By Andie Burjek
Mar. 7, 2017
House Republicans released the American Health Care Act on March 6, their replacement plan for the Affordable Care Act. The bill will go through revisions and challenges and needs to pass the full House and Senate before going to the president. It’s the first official Republican health care insurance replacement plan.
Employer groups provided their perspective based on the current bill. Most significantly, the bill did not include a direct tax on employer-provided health benefits, which would impact 177 million people with employer-sponsored coverage. The so-called Cadillac tax, a 40 percent excise tax on rich health benefit plans, would be delayed until 2024. The AHCA would also erase penalties for the individual and employer mandates.
It’s important that Congress work toward the full repeal of the Cadillac tax and resist efforts to revive proposals to cap the tax exclusion for employer-sponsored health benefits, said James Klein, president of the American Benefits Council, in a statement.
“The Council appreciates that the proposal zeroes-out the [ACA’s] employer mandate penalties and we will continue to work with Congress to ensure final legislation reduces employer reporting and other ACA burdens,” wrote Klein.
This is good news for employers and for workers who receive health care through their employer, according to a statement from the National Business Group on Health. Wrote Brian Marcotte, NBGH president and CEO:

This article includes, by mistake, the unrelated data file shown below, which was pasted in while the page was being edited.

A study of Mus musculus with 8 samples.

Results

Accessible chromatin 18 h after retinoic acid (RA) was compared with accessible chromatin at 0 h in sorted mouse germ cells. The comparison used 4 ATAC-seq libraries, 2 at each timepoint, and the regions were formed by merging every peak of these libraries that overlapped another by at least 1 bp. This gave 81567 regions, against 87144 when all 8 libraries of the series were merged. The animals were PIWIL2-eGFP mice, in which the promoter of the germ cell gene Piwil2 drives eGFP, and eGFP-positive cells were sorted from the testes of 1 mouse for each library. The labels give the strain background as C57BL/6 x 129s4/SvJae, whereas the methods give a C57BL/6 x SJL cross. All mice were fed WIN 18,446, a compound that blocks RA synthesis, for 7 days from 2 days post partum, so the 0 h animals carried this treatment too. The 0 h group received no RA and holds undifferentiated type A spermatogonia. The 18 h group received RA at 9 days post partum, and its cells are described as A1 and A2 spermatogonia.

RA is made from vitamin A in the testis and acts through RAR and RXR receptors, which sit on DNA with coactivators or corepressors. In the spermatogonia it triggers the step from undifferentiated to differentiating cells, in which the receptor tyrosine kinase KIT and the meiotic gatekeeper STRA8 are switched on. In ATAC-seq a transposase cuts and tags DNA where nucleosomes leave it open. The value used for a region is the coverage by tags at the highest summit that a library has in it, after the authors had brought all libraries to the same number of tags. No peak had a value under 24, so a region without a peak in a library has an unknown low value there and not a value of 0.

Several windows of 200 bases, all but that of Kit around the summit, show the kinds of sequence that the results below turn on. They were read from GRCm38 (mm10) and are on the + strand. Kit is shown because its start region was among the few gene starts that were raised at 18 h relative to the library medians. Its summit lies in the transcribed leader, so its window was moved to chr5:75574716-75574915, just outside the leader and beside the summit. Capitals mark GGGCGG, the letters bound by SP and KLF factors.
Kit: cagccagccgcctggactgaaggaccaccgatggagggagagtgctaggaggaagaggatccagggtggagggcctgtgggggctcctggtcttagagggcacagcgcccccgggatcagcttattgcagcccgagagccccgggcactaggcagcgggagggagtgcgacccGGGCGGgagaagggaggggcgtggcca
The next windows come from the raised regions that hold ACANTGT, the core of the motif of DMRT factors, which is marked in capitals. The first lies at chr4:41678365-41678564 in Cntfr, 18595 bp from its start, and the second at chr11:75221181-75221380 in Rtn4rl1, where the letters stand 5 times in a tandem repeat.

“We are glad that the bill delays the ACA’s 40 percent tax on employer coverage and we look forward to continue to work with Congress to permanently repeal it. We also welcome the changes that allow individuals to save more to pay for their health care expenses through health savings accounts.”
The ACHA, in the context of the individual market, called for larger changes in the individual market than the employer market. It’s received some criticism for potentially benefitting healthy, high-income people while disadvantaging sick, low-income people; for possibly making it more difficult for older people to afford health insurance; and for barring Medicaid from paying for services provided at Planned Parenthood clinics, which would make it difficult for low-income women to get cervical cancer screenings, mammograms and birth control.
Andie Burjek is a Workforce associate editor. Comment below or email at firstname.lastname@example.org. Follow Workforce on Twitter at @workforcenews.